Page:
BioWorld International Correspondent

A new glimmer of understanding into how some people infected with hepatitis C virus manage to shed the infection has boosted the chances that scientists might one day be able to develop vaccines or better treatments.

New research shows that the genes that encode receptors present on the cells of the immune system help to dictate whether someone can clear HCV infection. The work, by a team of international researchers, demonstrates that one particular combination of those genes increases the chance of beating HCV.

However, that was true only for people who became infected as a result of a relatively low dose of the virus - by sharing needles for intravenous drug injection, for example, or through a needle-stick injury. It seems that the virus still wins against the immune system in those infected by a large dose, such as during blood transfusion.

The genotypes involved are those encoding the major histocompatibility complex (MHC) genes (also known as the human leukocyte antigens, or HLA), and those encoding receptors on cells of the innate immune system, called natural-killer (NK) cells.

Mary Carrington, principal investigator at the Laboratory of Genomic Diversity at the National Cancer Institute in Bethesda, Md., told BioWorld Today: "What we found was that genotypes associated with low inhibition of NK cells were protective. This tells us that NK cells play an important role in clearance of HCV, and if we could find some way to activate NK cells in individuals infected with HCV, maybe we could improve the chances of those individuals clearing the virus."

Carrington, working with Salim Khakoo from the Division of Infection, Inflammation and Repair at Southampton University in the UK, and collaborators from several centers in the U.S. and the UK, reported the findings in the Aug. 6, 2004, issue of Science in an article titled "HLA and NK Cell Inhibitory Receptor Genes in Resolving Hepatitis C Virus Infection."

Carrington's group had for some time been studying variations in two clusters of genes - the MHC genes on chromosome 6 and the killer-cell immunoglobulin-like receptor (KIR) genes on chromosome 19. They wanted to understand the effects of variations in those genes on different types of human diseases.

The KIR genes encode receptors on NK cells, which help regulate the activity of the cells. NK cells are regulated by both inhibitory and activating signals, and only spring into action - killing virus-infected cells and activating other cells of the immune system - when activating signals outweigh inhibitory ones.

The role of the MHC genes is to encode proteins on the cell surface, in order to present antigenic peptides to cytotoxic T cells with the aim of stimulating them to kill infected cells or tumor cells. The MHC proteins also are ligands for the KIR proteins on NK cells, and thus help to regulate NK-cell activity.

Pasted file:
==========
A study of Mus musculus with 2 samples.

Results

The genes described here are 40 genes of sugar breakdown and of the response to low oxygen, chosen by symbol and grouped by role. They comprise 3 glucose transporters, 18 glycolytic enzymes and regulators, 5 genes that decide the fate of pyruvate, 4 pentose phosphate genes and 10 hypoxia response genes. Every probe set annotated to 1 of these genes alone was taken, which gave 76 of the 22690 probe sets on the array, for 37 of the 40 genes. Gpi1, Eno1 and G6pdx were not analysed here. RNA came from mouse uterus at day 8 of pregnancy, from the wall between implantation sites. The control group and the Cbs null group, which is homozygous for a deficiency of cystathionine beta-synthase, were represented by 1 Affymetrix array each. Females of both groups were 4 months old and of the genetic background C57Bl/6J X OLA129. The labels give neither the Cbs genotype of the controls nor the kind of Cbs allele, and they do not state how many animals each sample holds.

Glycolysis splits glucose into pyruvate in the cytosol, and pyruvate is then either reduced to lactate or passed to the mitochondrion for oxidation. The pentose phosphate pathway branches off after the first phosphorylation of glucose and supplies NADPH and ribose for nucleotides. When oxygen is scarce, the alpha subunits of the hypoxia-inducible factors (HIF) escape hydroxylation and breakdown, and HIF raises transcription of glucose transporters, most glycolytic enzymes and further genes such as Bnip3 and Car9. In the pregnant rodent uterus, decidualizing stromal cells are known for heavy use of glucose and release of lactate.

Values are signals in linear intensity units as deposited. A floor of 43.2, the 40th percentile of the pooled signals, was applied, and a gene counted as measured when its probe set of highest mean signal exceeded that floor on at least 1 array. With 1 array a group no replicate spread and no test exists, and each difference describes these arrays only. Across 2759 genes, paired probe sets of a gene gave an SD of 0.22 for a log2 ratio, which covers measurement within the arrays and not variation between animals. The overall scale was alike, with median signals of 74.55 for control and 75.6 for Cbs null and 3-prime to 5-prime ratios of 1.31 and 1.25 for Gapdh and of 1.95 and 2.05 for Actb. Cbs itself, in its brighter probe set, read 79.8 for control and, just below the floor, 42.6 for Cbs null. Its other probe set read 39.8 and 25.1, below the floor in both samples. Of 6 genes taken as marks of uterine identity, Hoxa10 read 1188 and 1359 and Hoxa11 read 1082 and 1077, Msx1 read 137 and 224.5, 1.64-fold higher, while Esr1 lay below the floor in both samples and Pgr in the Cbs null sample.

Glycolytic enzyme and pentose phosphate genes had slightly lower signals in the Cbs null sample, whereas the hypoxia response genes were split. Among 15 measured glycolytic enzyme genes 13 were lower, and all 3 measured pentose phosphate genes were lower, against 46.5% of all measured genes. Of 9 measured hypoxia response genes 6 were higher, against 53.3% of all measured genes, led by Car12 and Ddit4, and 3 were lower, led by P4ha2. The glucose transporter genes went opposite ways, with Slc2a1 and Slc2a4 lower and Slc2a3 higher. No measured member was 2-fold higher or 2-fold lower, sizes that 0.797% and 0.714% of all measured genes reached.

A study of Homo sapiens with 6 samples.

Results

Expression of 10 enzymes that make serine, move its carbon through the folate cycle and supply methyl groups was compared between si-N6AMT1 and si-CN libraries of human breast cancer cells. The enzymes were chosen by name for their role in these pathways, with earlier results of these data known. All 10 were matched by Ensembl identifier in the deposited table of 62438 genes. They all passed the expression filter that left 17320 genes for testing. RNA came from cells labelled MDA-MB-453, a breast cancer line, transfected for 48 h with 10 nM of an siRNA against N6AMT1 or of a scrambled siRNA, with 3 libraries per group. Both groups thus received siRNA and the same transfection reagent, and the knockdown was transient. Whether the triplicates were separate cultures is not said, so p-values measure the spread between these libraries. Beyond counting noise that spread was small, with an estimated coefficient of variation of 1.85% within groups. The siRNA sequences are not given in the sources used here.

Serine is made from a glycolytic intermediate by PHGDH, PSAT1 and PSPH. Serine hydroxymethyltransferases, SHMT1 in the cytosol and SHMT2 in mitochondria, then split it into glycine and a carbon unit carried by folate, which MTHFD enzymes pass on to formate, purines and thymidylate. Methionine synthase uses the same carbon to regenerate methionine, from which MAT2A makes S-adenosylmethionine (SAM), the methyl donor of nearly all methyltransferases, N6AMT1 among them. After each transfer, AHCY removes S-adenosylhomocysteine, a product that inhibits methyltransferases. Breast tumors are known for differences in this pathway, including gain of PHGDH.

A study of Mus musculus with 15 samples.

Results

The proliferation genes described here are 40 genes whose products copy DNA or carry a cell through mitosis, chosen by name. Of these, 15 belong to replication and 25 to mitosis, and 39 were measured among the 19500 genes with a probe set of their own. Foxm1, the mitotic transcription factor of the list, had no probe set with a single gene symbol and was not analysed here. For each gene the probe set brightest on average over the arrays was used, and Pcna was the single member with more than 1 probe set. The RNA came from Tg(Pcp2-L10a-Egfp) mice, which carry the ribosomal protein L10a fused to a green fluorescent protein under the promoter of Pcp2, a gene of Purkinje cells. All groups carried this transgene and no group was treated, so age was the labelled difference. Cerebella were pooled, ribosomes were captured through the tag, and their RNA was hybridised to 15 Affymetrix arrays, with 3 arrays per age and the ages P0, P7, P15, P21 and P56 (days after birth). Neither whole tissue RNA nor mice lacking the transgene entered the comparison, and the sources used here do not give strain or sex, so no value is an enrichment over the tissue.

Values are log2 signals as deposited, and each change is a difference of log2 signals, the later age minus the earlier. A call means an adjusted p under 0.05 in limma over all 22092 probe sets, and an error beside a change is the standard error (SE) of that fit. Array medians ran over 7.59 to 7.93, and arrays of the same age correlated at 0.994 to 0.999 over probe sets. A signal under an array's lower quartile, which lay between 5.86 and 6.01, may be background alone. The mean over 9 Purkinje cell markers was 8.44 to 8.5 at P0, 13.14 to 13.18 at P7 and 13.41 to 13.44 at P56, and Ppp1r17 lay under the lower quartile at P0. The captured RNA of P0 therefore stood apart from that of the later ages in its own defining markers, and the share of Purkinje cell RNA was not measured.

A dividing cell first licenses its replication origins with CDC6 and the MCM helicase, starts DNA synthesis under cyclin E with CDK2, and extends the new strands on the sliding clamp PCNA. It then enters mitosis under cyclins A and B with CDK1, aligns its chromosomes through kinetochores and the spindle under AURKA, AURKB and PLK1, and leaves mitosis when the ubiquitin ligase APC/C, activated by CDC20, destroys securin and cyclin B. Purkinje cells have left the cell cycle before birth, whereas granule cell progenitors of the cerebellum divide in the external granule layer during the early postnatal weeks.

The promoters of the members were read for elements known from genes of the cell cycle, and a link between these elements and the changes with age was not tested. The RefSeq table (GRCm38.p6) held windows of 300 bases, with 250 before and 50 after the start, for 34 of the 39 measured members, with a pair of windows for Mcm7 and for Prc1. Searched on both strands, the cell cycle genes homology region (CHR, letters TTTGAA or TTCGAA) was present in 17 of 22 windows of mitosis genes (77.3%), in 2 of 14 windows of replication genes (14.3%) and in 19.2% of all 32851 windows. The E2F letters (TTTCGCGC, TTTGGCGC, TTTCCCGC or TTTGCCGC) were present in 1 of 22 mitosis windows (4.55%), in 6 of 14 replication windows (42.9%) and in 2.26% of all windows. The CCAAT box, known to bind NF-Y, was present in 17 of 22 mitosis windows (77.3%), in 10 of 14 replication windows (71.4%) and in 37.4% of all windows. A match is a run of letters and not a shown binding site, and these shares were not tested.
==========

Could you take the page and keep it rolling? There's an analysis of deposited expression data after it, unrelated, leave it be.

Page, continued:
Having already done work on how those genes affect people's responses to HIV and diseases associated with autoimmunity, Carrington and collaborators turned their attention to HCV. Worldwide, about 180 million people are infected with HCV and about 20 percent of those infected clear the virus. But the infection also can lead, decades later, to liver failure and liver cancer.

Carrington said: "We had samples from people who had been infected with HCV available to us, and because NK cells, which express the KIR genes, are found at fairly high levels in people infected with HCV, we thought it would make good sense to look at the variation of the receptors on the NK cells."

They looked for variation in the KIR genes and the MHC genes in 685 people with persistent HCV infection and 352 who had been infected with HCV but had cleared the virus.

"We found that a specific genotype in the MHC genes, combined with a specific genotype in the KIR genes, was associated with protection," Carrington said. "People with this combination were more likely to have cleared the virus."

That compound genotype, the researchers knew, had the ability to send a weak inhibitory signal to the NK cells.

"This is not so surprising," Carrington said. "Genotypes that are known to relay a strong inhibitory signal to NK cells were more common in individuals who had persistent infection. Clearly, less inhibition is an advantage here."

It now will be important for researchers to examine how those findings fit in with what is known about how NK cells function in HCV infection, Carrington added.